15 WSU fraternity members charged with giving alcohol to minors in pledge’s death
PULLMAN, Wash. — Fifteen members of the Washington State University Alpha Tau Omega fraternity have been criminally charged with furnishing liquor to minors.
A release from the Whitman County Prosecuting Attorney said the charges stem from an investigation into a pledge’s death at the fraternity. Sam Martinez, 19, died from alcohol poisoning in November 2019 while attending a fraternity event.
Those charged include Wesley Oswald, Griffin Fish, Maxwell Rovegno, Jaron Selset, Finn Anderson, Joshua Entriken, Luke Hawksford, Jack Kuske, Jacob Lewis, Jeremy McAteer, Cole Peterson, Tyler Kim, Garrett Smith, Cameron Thomas and Nolan Valcik.
The ATO house has been closed since Martinez’s death, as the university placed the fraternity in an interim loss-of-recognition status. In the wake of the incident, the Inferfraternity Council implemented a new policy restricting alcohol at some events.
Pullman Police originally said that hazing was not involved in Martinez’s death, but later rescinded that statement after conducting interviews with witnesses. The coroner ruled that Martinez died accidentally from acute alcohol intoxication and said 911 was not called until four hours after he died.
Furnishing liquor to minors is a gross misdemeanor and punishable by up to a year in jail and a $5,000 fine. The 15 defendants will be summoned to appear in the Whitman County District Court.
Martinez’s family—Jolayne Houtz, Hector Martinez and Ariana Martinez—issued the following statement following the charges:
“More than 18 months ago, our beloved son and brother, Sam Martinez, was hazed to death during an initiation ritual known as “Big-Little Night” at the Alpha Tau Omega fraternity at Washington State University in Pullman.
We have waited all these months for answers to our questions about what happened that terrible night.
Today, we learned that 15 men will finally be held to account for furnishing the alcohol that killed Sam that night and left many other pledges in Sam’s class dangerously intoxicated. In Sam’s case, he and another pledge were ordered to finish a half-gallon of rum between them. Sam’s blood-alcohol content was measured at 0.372 after his death, nearly five times the legal limit.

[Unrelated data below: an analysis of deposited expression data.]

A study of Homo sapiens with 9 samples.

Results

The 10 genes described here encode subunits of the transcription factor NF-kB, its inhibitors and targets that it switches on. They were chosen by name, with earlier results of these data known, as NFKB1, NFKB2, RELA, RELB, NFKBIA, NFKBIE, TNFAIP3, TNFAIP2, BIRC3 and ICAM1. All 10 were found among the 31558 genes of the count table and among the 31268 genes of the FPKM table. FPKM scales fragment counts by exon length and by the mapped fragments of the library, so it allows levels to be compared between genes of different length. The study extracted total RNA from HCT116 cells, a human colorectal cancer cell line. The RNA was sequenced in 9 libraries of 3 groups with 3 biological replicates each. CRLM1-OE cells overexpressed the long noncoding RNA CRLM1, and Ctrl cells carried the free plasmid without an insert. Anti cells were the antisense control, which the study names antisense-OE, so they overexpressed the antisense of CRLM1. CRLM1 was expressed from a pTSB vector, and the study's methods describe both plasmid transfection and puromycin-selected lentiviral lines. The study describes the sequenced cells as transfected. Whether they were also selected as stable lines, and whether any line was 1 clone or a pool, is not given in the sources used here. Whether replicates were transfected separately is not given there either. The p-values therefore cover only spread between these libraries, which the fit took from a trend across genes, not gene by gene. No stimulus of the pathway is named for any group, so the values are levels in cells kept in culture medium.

While the charges may lead to some level of accountability, this is not justice. It does not bring us closure.
We are deeply disappointed that no one will face a charge of hazing in this case because the Pullman Police Department allowed the statute of limitations for that charge to expire. That’s despite the fact that Pullman Police found substantial evidence of hazing that would have supported hazing charges.
And it is despite the fact that during its investigation, WSU identified multiple instances of ATO members hazing pledges during activities that involved alcohol violations and abusive behavior.
What happened the night Sam died was not an isolated incident. WSU, the ATO national office and others knew this chapter had a long history of alcohol and student conduct violations. Yet they did nothing.
In Washington, furnishing alcohol to a minor is a gross misdemeanor. The maximum these men could face is 1 year in jail and a $5,000 fine, if convicted. That is insulting compared to the devastating consequences of their actions, which directly led to Sam’s death, and the loss we are living with for the rest of our lives.
Already this year, two other young men have died in Virginia and Ohio during “Big-Little Night” events. Just like Sam, they were forced to drink lethal amounts of hard alcohol in order to join their frats. Just like Sam, they were abandoned by their so-called fraternity “brothers” to die alone.
A boy dies. His family and friends are shattered. Promises of reform are made, and broken. We say enough. It is time for universities, fraternities and policymakers to enact meaningful reforms that end this toxic culture.
That should start with making hazing a felony in Washington, not a misdemeanor, and extending the statute of limitations to ensure that hazing never goes unpunished again.
We also call for a new commitment to transparency by universities and fraternities, with public access to records about the behavior and disciplinary history of all fraternities. If our family had known the truth about ATO’s troubled history at WSU, Sam would still be alive today.
Pledges and parents need to see the whole picture—not just the glossy promises of brotherhood and leadership opportunities—to understand the dangerous risks posed by fraternity traditions and university Greek Life systems that put untrained, ill-equipped20-somethings in charge of teenagers away from home for the first time.
Universities and the national fraternity corporations that promote and profit from fraternities must finally be held to account for failing the young men in their care and the families who entrust their sons to them. We are dedicated to pursuing these reforms in honor of our Sam.”